Danger that climate promises made at Cop26 ‘will wither on the vine’, Alok Sharma admits

·2-min read

Promises made at the Cop26 summit to prevent the climate emergency are at risk without urgent action, its president Alok Sharma is warning.

Just three months after the landmark summit, there is a danger that the vital pledges made will “wither on the vine”, the cabinet minister will say in a major speech.

Cop26 saw the world’s wealthiest countries fail to make commitments to keep global heating to 1.5°C – above which scientists warn runaway climate change is inevitable.

The level of CO2-cutting pledges made will result in the planet warming by up to 2.4°C, even if they are followed up with practical policies and legislation.

The Glasgow summit ended with Mr Sharma in tears – and critics warned the crisis was simply “kicked down the road”, to Cop27 in Egypt at the end of this year.

In a speech at Chatham House, the Cop26 president, will say: “There is no doubt that the commitments we secured at Cop26 were historic. Yet at the moment they are just words on a page.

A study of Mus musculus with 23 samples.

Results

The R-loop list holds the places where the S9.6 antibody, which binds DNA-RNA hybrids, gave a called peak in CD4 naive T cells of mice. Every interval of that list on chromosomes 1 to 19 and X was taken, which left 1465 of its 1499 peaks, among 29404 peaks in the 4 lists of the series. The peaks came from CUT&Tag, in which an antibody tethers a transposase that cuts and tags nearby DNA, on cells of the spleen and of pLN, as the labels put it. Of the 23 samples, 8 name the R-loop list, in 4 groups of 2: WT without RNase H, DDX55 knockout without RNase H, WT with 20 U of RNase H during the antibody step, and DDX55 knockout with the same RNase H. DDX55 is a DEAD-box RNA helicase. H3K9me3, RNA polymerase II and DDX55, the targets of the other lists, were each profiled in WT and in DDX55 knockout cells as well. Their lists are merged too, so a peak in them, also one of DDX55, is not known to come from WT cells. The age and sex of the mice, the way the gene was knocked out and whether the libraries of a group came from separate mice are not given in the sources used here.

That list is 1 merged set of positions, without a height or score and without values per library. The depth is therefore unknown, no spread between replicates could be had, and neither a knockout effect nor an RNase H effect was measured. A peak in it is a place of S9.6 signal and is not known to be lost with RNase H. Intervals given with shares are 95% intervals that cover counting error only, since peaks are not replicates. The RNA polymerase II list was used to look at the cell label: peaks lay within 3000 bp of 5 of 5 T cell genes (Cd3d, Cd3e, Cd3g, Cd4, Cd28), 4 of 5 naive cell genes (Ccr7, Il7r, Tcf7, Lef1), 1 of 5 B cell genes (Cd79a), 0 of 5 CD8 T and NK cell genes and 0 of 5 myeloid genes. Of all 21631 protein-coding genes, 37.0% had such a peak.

“And unless we honour the promises made, to turn the commitments in the Glasgow Climate Pact into action, they will wither on the vine.

“We will have mitigated no risks. Seized no opportunities. We will have fractured the trust built between nations. And 1.5 degrees will slip from our grasp.”

The Glasgow pact, at the end of Cop26, committed countries to “phase down coal”, but the language was watered down after China and India objected to “phasing out” the dirtiest fossil fuel.

Mr Sharma, who remains president until the next summit, must also ensure that developed countries meet their promise to deliver $100bn a year to help poor countries adapt to the planet heating.

But Boris Johnson’s government has also faced criticism that it has made climate promises without the policies to deliver the carbon cuts necessary.

The advisers on the Climate Change Committee warned the UK is lagging behind on its key goal of 78 per cent cuts to greenhouse gases by 2035.

Bob Ward, policy director of the Grantham Research Institute on Climate Change at the London School of Economics, said Britain must commit itself to greater action this year.

“Although the UK already has one of the strongest pledges for 2030, it will be difficult to persuade other countries to go further without offering to do more itself,” he said.

“The UK Presidency of Cop26 needs to put pressure on all countries, particularly laggards like Australia, to increase their planned emissions cuts.”

The Glasgow Climate Pact was praised for requiring that countries bring forward new CO2 targets one year from now, rather than waiting five years.

The change is designed to put pressure on all nations to move further before they gather again in Egypt towards the end of 2022.